EFT is based on the assumption that

"The cause of all negative emotions is a disruption in the body’s energy system."

It works by tapping on specific meridian points with your fingertips which "balances energy meridians". It is claimed that this heals about any psychological problem you can think of.

There is no scientific basis for the existence of meridians in our bodies. The basic principles of EFT are not based on science, but on a vague concept of energy, that has no relation to any established scientific principles.

There have been a number of small studies on EFT. The largest one of those with 119 participants divided into 4 groups did not find EFT significantly more effective than placebo. One small study with 5 participants in each group, performed by the originator of the technique found a significant effect of EFT. Due to the small sample size and the fact that the journal it was published in is dedicated to alternative medicine, I would not consider these results as proof of effectiveness.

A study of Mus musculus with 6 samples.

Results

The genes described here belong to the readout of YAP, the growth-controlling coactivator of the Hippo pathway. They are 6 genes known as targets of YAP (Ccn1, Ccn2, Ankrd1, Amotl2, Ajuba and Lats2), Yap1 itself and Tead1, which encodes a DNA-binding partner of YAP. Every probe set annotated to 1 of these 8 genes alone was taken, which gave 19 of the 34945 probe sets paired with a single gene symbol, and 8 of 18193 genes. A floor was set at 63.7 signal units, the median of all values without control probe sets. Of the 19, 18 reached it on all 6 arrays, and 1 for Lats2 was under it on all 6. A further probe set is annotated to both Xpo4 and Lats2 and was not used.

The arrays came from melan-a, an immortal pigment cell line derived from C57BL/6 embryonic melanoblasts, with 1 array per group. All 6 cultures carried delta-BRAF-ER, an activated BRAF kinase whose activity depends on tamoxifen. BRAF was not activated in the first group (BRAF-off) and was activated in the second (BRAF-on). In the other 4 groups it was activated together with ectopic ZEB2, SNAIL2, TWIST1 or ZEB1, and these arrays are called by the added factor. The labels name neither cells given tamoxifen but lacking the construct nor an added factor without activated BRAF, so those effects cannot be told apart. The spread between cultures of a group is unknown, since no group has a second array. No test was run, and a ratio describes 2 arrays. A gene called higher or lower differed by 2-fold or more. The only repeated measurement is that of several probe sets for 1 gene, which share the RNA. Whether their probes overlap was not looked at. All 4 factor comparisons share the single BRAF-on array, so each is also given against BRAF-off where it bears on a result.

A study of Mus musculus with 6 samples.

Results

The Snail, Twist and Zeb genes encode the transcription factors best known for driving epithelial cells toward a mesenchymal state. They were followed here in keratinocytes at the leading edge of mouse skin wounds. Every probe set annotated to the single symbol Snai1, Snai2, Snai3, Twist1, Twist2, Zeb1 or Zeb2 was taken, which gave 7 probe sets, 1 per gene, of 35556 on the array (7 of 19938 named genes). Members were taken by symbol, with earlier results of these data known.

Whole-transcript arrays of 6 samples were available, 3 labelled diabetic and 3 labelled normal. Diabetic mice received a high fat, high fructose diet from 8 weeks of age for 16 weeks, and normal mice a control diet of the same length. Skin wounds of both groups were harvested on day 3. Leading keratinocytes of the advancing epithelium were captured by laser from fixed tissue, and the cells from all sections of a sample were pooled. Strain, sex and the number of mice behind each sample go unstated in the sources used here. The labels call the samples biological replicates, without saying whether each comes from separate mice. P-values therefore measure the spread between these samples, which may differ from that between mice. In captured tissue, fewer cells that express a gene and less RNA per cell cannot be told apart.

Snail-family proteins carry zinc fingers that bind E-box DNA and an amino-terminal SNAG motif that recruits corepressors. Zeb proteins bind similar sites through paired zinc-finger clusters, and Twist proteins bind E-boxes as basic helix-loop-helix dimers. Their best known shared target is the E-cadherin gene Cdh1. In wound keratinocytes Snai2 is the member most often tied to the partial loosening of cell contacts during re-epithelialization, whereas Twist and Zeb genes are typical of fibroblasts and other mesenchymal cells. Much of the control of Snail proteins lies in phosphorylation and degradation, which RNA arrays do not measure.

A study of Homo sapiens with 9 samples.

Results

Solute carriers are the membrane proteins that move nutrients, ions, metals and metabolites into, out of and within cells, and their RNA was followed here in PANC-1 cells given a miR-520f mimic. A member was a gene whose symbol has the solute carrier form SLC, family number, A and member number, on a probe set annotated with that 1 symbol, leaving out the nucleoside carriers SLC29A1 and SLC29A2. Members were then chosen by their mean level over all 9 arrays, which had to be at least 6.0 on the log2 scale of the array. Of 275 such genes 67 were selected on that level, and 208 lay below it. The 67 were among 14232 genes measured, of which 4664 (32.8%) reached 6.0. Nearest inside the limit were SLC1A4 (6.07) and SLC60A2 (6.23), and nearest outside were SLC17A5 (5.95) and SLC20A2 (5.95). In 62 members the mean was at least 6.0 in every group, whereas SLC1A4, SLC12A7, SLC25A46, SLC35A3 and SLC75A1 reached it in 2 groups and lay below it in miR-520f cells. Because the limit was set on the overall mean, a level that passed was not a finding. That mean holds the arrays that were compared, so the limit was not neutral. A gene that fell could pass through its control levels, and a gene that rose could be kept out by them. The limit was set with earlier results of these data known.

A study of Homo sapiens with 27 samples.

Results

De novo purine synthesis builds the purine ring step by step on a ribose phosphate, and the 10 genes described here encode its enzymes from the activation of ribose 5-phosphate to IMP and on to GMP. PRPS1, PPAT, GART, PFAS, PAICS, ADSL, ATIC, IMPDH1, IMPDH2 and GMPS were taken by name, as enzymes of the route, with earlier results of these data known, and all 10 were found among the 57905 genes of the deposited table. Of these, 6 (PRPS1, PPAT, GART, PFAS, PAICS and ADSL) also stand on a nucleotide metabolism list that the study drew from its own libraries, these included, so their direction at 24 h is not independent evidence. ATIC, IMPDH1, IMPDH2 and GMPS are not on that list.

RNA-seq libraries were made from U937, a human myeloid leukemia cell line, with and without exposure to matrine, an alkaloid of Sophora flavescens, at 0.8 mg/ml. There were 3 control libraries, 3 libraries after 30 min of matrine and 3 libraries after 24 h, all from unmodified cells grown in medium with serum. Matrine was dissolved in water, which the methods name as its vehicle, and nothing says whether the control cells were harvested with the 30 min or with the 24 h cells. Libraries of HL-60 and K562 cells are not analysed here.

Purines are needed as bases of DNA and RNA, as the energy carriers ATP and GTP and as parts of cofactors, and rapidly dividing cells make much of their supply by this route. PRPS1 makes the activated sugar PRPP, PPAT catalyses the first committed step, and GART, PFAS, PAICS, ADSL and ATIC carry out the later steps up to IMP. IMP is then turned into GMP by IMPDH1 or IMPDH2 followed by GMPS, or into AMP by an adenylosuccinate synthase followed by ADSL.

I did not find any convincing studies that would show the effectiveness of this technique. Considering the implausible mechanism it is based on, I would safely argue that EFT is extremely unlikely to work better than placebo and should not be considered a credible treatment for psychological issues.


results were also observed at the 6‐month (p < .001 and p < .001, respectively) and 12‐month (p < .001 and p < .001, respectively) follow‐up periods

In a 2018 open journal, a trial of craving reduction of 143 overweight and obese adults were examined. The study found that a 4 week treatment was as effective as a 8 week treatment of EFT. Unfortunately, this study was not randomized across the three arms and must have used the data from the previous study discussed. The 4 week arm had a waitlist control which subjects were randomised to.

four-week intervention group over time F(2.01, 26.08) = 5.11, p = .013, η2 = .28, power = .78. However, pairwise comparisons with Sidak adjustment revealed no statistically significant changes in BMI scores from pre-intervention to post-intervention, 6-month follow-up, or 12-month follow-up.

significant differences in weight scores were elicited for the four-week intervention group over time F(2.19, 28.51) = 4.71, p = .014, η2 = .27, power = .78.

There were difference between the 4 and 8 week intervention arm suggesting that EFT could be more affordable and time-effective than potentially CBT.